Second Murdered Girl Tied to News of the World Phone Hacking


LONDON – The scandal of phone-hacking looks set to continue to torment News Corporation and the Murdoch family after it emerged Thursday that Scotland Yard have told the mother of murdered eight-year old schoolgirl Sarah Payne that the mobile phone she was given by then News of The World editor Rebekah Brooks was hacked into by the paper’s investigators.

The news comes as News Corporation deputy COO James Murdoch, who is in charge of the British newspaper division and has admitted issuing payments to victims of the phone-hacking, was given the unanimous support of board members of BSkyB, the pay-TV powerhouse where he is chairman. The new hacking development, which was condemned by the Payne family and Members of Parliament even as it broke Thursday afternoon, is even more chilling because of the extent to which the News of The World had befriended the Payne family under Brooks’ editorship.


Brooks, the former editor of The News of The World had developed a close relationship with the family and used it to mount the biggest campaign of her career, a mission to introduce the British equivalent of Megan’s Law in memory of the murdered eight-year old girl, who was abducted and sexually assaulted by a convicted pedofile in 2000. The phone is understood to have been given to Sara Payne as part of that campaign.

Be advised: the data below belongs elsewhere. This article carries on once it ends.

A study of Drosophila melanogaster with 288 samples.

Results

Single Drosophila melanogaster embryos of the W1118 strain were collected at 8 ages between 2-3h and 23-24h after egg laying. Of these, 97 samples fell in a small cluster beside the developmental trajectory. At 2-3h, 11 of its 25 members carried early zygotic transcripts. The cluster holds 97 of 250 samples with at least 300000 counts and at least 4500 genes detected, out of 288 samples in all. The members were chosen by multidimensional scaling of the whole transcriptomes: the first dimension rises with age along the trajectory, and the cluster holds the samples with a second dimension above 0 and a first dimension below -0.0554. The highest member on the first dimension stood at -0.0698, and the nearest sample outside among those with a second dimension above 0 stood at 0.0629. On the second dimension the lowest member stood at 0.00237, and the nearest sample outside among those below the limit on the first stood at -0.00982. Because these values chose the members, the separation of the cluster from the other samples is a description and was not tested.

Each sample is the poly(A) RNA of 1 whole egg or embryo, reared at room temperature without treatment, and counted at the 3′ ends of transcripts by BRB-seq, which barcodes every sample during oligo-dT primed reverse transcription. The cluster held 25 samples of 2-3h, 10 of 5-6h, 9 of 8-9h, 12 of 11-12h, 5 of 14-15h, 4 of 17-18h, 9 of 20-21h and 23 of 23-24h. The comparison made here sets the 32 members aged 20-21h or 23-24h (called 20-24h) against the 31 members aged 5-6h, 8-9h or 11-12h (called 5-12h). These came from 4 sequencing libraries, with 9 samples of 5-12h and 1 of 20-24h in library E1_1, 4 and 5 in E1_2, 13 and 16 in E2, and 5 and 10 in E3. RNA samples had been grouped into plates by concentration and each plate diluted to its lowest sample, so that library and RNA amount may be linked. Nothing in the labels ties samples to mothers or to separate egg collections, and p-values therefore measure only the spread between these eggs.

“How could these people do what they did?” he Tweeted

Theresa Coffey, another member of the Committee said: “clearly this is another dark chapter in this ongoing saga. I can’t imagine the distress Mrs Payne is going through now.”

When evidence emerged that News of The World investigator Glen Mulcaire had hacked into the mobile phone of another murdered schoolgirl – 13-year old Milly Dowler - officers in Scotland Yard’s phone hacking investigation unit Operation Weeting had initially told the Payne family that no evidence had been found to suggest they had been affected.


As recently as three weeks ago, when the News of The World was closed by James Murdoch, the murdered girl’s mother Sara Payne had given the paper her support, writing in its final issue that she considered the newspaper “an old friend”.

“We have all seen the news this week and the terrible things that have happened, and I have no wish to sweep it under the carpet. Indeed, there were rumors - which turned out to be untrue - that I and my fellow [Phoenix]charity chiefs had our phones hacked. But today is a day to reflect, to look back and remember the passing of an old friend, the News of the World."

Brooks resigned as CEO of News International in July 15, a day before she was arrested by police. She has been released on bail.